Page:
A new online exhibition, sponsored by the MRC, explores the work and legacy of double Nobel Laureate, Fred Sanger. From his early work on sequencing proteins to his pioneering technique for sequencing nucleic acids, Fred’s work led to groundbreaking discoveries and opened up a whole new world for medical research and treatment.
The Sanger Online Exhibition brings together a wealth of material from many sources, including letters, notebooks, papers and photographs, as well as recollections from former colleagues of Fred. It is curated by Dr Lara Marks, Senior Research Fellow in the Department of Social Science, Health & Medicine, King’s College, London. Lara comments ‘despite his achievements, relatively few people outside the scientific community know about Sanger’s work and how DNA sequencing came into the world. This exhibition brings together the story of his life and work and how the techniques he developed came to be adopted for medical purposes.’
Fred, a former Head of the LMB’s Protein and Nucleic Acid Chemistry Division, spent his entire scientific career in Cambridge. He joined the Department of Biochemistry, University of Cambridge as a PhD student and then started his postdoctoral research there on the sequencing of proteins. Funded by the MRC, he helped set up the MRC Laboratory of Molecular Biology and moved there when the new laboratory opened in 1962. He switched his research to the sequencing of nucleic acids, and remained at the LMB until his retirement in 1983. He is one of only four people to be awarded two Nobel prizes.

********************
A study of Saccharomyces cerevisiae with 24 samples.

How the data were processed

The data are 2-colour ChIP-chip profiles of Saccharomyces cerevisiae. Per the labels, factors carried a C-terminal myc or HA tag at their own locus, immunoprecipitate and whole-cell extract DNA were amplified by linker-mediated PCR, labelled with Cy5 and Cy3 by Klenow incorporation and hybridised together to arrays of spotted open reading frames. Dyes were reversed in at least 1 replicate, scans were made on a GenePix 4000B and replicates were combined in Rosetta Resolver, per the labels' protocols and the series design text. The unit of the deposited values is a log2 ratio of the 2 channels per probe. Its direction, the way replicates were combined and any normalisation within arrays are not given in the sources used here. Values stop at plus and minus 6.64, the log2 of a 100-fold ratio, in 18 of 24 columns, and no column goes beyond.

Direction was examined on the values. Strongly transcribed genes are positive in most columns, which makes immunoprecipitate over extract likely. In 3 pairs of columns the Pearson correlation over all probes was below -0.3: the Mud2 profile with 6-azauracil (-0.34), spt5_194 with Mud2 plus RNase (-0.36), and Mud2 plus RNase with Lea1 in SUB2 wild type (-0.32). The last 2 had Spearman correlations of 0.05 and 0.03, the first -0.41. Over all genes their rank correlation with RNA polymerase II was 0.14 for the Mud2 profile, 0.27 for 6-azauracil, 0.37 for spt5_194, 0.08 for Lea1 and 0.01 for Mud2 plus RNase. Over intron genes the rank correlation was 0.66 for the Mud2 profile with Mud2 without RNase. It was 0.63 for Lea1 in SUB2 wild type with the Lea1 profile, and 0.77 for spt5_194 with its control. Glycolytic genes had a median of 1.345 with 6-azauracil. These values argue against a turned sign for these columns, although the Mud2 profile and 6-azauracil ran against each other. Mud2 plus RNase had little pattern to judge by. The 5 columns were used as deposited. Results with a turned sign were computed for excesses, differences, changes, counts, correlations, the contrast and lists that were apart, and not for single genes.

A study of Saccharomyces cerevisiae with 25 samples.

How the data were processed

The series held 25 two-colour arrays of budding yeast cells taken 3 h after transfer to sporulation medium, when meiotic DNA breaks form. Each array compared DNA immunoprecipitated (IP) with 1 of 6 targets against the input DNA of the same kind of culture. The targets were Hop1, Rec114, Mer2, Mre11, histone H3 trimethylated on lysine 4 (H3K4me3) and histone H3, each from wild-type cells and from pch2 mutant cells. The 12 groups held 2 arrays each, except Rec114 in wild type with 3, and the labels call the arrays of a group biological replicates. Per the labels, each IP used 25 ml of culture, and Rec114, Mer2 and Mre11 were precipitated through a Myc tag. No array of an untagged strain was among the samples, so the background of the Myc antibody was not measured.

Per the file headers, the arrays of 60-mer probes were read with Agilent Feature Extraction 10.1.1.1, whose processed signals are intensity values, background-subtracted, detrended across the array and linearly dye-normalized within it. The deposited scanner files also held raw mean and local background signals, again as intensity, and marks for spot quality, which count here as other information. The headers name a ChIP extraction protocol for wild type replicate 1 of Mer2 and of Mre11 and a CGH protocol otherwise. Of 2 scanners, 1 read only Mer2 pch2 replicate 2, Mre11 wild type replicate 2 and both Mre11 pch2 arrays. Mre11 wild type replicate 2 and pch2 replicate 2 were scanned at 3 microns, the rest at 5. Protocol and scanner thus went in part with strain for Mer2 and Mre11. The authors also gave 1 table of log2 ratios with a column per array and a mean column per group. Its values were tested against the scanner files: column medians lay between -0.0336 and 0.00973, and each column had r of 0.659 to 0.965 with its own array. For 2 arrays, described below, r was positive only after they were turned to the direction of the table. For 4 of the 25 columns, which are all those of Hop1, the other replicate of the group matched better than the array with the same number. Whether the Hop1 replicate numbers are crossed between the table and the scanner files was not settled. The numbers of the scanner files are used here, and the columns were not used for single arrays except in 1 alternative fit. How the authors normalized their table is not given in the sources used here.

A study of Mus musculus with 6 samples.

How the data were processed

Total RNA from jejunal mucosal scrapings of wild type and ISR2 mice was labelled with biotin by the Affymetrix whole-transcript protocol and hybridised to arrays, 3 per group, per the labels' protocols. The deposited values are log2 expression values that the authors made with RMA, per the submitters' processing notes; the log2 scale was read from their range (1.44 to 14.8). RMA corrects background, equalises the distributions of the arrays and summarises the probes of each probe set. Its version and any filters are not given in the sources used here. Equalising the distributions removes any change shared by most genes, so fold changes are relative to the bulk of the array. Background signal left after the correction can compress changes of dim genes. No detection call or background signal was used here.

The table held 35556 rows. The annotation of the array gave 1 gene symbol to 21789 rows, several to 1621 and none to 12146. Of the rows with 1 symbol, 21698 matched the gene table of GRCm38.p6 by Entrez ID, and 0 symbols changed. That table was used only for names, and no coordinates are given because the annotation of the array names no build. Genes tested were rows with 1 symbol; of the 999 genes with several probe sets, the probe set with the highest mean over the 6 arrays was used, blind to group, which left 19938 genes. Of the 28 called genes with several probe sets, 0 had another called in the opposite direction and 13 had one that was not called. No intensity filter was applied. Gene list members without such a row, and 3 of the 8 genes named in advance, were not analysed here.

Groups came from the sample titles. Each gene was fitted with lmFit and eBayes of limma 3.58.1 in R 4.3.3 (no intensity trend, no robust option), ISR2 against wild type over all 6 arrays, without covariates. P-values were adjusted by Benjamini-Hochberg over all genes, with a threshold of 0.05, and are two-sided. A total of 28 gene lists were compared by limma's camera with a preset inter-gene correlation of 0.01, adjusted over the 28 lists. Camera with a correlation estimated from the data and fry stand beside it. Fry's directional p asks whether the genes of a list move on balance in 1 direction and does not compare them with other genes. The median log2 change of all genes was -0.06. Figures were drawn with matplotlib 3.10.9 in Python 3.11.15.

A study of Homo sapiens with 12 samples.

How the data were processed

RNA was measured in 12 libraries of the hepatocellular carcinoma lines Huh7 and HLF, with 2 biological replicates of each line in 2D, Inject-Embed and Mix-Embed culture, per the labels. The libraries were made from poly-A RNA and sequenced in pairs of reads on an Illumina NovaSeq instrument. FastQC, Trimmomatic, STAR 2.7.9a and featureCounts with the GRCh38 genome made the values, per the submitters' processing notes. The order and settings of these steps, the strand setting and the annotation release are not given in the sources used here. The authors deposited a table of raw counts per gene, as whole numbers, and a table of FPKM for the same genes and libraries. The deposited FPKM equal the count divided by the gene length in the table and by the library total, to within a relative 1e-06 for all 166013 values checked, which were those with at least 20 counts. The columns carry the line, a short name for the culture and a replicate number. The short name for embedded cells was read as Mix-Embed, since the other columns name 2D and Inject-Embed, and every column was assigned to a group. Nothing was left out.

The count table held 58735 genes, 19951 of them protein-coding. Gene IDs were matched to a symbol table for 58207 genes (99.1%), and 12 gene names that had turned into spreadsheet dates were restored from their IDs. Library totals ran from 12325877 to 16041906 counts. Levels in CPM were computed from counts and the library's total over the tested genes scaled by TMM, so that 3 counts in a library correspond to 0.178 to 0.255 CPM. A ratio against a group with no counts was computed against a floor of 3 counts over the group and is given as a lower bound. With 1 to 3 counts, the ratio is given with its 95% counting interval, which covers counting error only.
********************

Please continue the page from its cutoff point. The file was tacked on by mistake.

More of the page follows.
Fred’s development of techniques to read the sequences of proteins and nucleic acids opened up a whole new world for research. In particular, the method for nucleic acid sequencing shaped the way that genomics and biomedicine were explored and was key to the Human Genome Project, the international collaboration to identify all the approximately 20,000-25,000 genes in human DNA. The information this provided has given crucial insights into the genetic profile of humans, the differences in disease between different people and helped designed more effective drugs – leading to the application of genomics in routine healthcare
The Sanger Online Exhibition is launched on 13 August 2015, the anniversary of Fred’s birth. It is part of Lara’s ‘What is Biotechnology’ website, an educational resource about the people, places and technologies that have enabled biotechnology to transform our healthcare and the world we live in today. It also includes a previous online exhibition, ‘The Story of monoclonal antibodies’ which explores the work of Fred’s colleague, César Milstein.